Where did the English Armitage family come from? What is the English Armitage family crest and coat of arms? When did the Armitage family first arrive in the United States? Where did the various branches of the family go? What is the Armitage family history?

The name Armitage first arose amongst the Anglo-Saxon tribes of Britain. It is derived from their having lived in the county of Yorkshire in eastern England. Records show that most, if not all of the bearers of the surname can be traced back to a family living at Hermitage Bridge in Almondbury, near Huddersfield in the 13th century.


First found in the county of Yorkshire in eastern England, where they held a family seat from very ancient times.






Armitage Settlers in the United States in the 17th Century


  • Godfrey Armitage, who landed in Lynn, Massachusetts in 1630
  • Joseph Armitage, who landed in Lynn, Massachusetts in 1630
  • Thomas Armitage, who arrived in Lynn, Massachusetts in 1635
  • Godfrey Armitage of Lynn moved to Boston, Massachusetts in 1639
  • Abra Armitage, who arrived in Virginia in 1652


Armitage Settlers in the United States in the 18th Century


  • Eleazer Armitage, who landed in Boston, Massachusetts in 1712

Armitage Settlers in the United States in the 19th Century


  • James Armitage, who landed in America in 1804
  • Joshua Armitage, who arrived in Allegany (Allegheny) County, Pennsylvania in 1811
  • Hannah Armitage, who landed in New York in 1822

  • Richard Lee Armitage (b. 1945), American politician, U.S. Deputy Secretary of State (2001-2005)
  • Edward Armitage (1817-1896), English painter
  • Kenneth Armitage (b. 1916), English sculptor
  • Robert Perceval Armitage (1906-1990), British colonial administrator
  • Peter Armitage (b. 1924), British statistician specializing in medical statistics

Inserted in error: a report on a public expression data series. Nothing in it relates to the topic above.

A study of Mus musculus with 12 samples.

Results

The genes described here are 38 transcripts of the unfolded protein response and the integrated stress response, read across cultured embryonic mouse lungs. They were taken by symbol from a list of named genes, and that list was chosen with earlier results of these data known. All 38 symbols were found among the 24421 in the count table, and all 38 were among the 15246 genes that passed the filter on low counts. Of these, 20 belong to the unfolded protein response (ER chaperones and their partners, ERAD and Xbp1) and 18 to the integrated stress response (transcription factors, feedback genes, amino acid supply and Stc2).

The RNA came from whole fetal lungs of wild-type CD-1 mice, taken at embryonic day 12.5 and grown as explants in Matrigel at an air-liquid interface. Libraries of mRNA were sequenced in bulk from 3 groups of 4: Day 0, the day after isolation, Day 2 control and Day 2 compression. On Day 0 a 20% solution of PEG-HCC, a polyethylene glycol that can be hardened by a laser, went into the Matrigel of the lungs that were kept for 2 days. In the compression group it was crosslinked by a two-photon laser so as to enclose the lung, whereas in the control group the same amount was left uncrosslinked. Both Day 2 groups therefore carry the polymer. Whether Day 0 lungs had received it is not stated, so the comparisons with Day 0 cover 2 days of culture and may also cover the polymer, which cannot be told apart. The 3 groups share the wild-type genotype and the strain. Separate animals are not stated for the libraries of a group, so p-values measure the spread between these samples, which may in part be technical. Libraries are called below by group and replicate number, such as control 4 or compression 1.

• Albert Borlase Armitage (1864-1943), Scottish explorer of Antarctica and a captain in the Royal Navy
  • Simon Armitage (b. 1963), British poet, playwright, and novelist
  • Lieutenant-Commander Robert Selby Armitage GC, GM, RNVR (1905-1982), one of only eight people to have been awarded both the George Cross and George Medal for his bomb disposal work during the Second World War



Motto: Semper paratus
Motto Translation: Always prepared.

  2. Library of Congress. American and English Genealogies in the Library of Congress. Baltimore: Genealogical Publishing, 1967. Print.
  3. Samuelsen, W. David. New York City Passenger List Manifests Index 1820 - 1824. North Salt Lake, Utah: Accelerated Indexing Systems International, 1986. Print.
  4. Hinde, Thomas Ed. The Domesday Book England's Heritage Then and Now. Surrey: Colour Library Books, 1995. Print. (ISBN 1-85833-440-3).
  5. Bolton, Charles Knowles. Bolton's American Armory. Baltimore: Heraldic Book Company, 1964. Print.
  6. Williams, Dr Ann. And G.H. Martin . Domesday Book A Complete Translation. London: Penguin, 1992. Print. (ISBN 0-141-00523-8).
  7. Hanks, Patricia and Flavia Hodges. A Dictionary of Surnames. Oxford: Oxford University Press, 1988. Print. (ISBN 0-19-211592-8).
  8. MacAulay, Thomas Babington. History of England from the Accession of James the Second 4 volumes. New York: Harper and Brothers, 1879. Print.
  9. Holt, J.C. Ed. Domesday Studies. Woodbridge: Boydell, 1987. Print. (ISBN 0-85115-477-8).
  10. Colletta, John P. They Came In Ships. Salt Lake City: Ancestry, 1993. Print.
  11. ...

The Armitage Family Crest was acquired from the Houseofnames.com archives. The Armitage Family Crest was drawn according to heraldic standards based on published blazons. We generally include the oldest published family crest once associated with each surname.

This page was last modified on 3 March 2014 at 10:02.